Last August I was contacted by a member of Jay Dixit's staff for the forthcoming article in Psychology Today. My response to Dixit is reproduced in full below.
Actually I was a Democrat for about a year; prior to that I was a member of the Green Party for about seven years, and was very active with the Greens when I first moved to Oregon in early 2000.
As you can probably guess, September 11 changed things, but not as abruptly for me, I think as for some people. Politically I've always described myself as "liberal" (not conservative and not "progressive" either), and have never been a pacifist. I was hawkish on both Afghanistan and Iraq, and did not attempt to conceal my views from my comrades in the local GP chapter. To their credit, they never tried to pressure me to change my views (as much as they disagreed) or leave the party. That decision was my own.
I could kind of "sit out" the Afghan campaign as a Green, but Iraq was different. For one thing, the rhetoric was growing stronger, and the case for invading Iraq was harder to make for the general public (since there was no obvious connection with 9/11 as in the case of Afghanistan). Mostly, though, it was because my feelings as a Desert Storm vet who knew something about Saddam's regime would not let me continue.
I became a Liebercrat for about a year, until Joe Lieberman dropped out of the Democratic primary. (Er, the Democratic presidential primary, that is!) I changed my registration to Republican on the day he dropped out.
Interestingly enough, many of the same things that bothered me about the Democrats as a Green, still bother me as a Republican. Except for being able to form a consensus on a few issues, the Democrats have a hard time articulating what it is they stand for as a party. What really turns me off, though, is what I see as an "entitlement mentality" in elections: Democrats seem to think they deserve my vote simply because they are not Republicans.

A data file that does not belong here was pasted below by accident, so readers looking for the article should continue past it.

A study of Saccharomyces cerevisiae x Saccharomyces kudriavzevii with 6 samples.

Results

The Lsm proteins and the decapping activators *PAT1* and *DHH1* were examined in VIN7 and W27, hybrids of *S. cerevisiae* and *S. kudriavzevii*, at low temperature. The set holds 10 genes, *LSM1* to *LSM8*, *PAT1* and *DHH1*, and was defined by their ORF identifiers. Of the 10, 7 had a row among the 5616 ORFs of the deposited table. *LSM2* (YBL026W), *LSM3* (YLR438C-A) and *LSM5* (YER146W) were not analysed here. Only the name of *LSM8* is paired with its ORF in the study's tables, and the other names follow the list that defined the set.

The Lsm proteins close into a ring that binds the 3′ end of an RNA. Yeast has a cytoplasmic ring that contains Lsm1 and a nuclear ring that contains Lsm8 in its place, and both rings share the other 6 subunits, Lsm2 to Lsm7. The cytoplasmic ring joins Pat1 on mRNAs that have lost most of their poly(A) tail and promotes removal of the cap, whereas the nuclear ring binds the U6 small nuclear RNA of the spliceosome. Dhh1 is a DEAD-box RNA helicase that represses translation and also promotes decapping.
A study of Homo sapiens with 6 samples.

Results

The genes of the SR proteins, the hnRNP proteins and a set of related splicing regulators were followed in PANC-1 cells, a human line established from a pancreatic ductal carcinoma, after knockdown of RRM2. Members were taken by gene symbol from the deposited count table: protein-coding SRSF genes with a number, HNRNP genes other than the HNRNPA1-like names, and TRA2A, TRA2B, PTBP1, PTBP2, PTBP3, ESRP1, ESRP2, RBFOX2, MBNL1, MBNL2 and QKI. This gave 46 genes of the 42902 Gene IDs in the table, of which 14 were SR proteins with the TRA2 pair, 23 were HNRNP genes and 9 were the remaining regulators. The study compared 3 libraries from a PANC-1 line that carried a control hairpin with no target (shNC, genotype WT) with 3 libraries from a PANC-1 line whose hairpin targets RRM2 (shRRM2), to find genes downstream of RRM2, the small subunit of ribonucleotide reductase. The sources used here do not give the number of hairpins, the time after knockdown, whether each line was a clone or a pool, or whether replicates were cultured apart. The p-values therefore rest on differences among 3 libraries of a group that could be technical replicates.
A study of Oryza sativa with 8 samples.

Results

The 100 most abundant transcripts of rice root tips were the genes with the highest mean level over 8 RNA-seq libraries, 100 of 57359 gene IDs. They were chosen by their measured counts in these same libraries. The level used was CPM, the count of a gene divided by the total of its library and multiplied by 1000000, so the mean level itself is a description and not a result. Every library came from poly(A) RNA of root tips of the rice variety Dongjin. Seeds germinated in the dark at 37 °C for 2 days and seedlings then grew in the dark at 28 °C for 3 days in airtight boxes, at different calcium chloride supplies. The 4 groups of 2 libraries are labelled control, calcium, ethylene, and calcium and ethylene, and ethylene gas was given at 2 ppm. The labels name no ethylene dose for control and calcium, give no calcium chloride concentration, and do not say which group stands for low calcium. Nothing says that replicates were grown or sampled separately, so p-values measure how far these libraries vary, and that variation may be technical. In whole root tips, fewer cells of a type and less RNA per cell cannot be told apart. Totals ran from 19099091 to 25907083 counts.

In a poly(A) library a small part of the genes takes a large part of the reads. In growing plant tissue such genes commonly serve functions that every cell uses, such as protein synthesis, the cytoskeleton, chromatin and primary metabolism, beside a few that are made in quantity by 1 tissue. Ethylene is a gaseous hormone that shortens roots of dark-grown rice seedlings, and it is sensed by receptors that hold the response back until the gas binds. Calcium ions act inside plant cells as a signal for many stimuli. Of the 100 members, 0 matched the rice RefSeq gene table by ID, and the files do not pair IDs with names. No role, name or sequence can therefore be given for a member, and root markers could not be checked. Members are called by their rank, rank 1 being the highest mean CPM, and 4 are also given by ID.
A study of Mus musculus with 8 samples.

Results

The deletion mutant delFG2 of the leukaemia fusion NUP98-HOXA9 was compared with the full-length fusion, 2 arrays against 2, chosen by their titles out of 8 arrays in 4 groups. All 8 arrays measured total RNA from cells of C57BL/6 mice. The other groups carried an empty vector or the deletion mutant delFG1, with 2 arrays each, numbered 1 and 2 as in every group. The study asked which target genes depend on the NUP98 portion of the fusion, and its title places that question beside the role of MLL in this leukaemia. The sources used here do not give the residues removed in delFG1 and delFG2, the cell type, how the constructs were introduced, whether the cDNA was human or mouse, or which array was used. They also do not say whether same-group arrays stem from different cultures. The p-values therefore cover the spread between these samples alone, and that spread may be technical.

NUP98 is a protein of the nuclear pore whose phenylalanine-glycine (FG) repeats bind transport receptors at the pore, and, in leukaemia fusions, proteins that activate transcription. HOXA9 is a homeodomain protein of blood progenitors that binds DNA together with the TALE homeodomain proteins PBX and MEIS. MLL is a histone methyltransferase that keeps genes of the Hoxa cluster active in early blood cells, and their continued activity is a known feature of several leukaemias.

I was one of the 52% who voted for Bush in 2004, and I guess I'm one of the 29% who still support him now. I support our campaign to transform the Middle East because it is fundamentally a liberal idea - and one that is both humane and necessary.
This doesn't mean that I agree with Bush on everything. Even so, though, the President's social conservatism strikes me as sincere and compassionate, and light-years away from the right-wing rhetoric of 70's figures like Anita Bryant and Jerry Falwell.
My views on social issues have changed very little since, say, 10 years ago. In fact, my basic beliefs about gender, sexism, and gay issues are largely identical to Ampersand's. [Dixit's aide had found me through a comment I posted in Alas, a Blog. - aa] I am active in Oregon's gay rights group Basic Rights Oregon, and belong to the local gay-Jewish group.
On my political blog ("Dreams Into Lightning") I cover the War on Terror and gay and feminist issues. I don't see this as a contradiction; to me it's the positions of the left-wingers and the right-wingers that seem contradictory.
My politics would be called "neoconservative" now, but I don't consider myself a conservative and I'm not "neo" anything. I understand some things better than I did, but I've never had to radically change my belief structure. So I've had a "political conversion" in the sense that my political affiliations have changed, but I don't feel like there's been any kind of "road to Damascus" experience.
Remarks. At the time, I assumed that a gradual evolution of views such as I had expreienced after 9/11 was the exception; in retrospect, I suspect it is more common than the sudden "conversion experience" Jay Dixit was so eager to find. This makes the article's claim to relevance all the more hollow. Perhaps Dixit went out looking for those wild-eyed born-again conservatives he was expecting, and not finding them, realized he'd have to change the focus of his article - which might explain why the finished article is such an incoherent mess.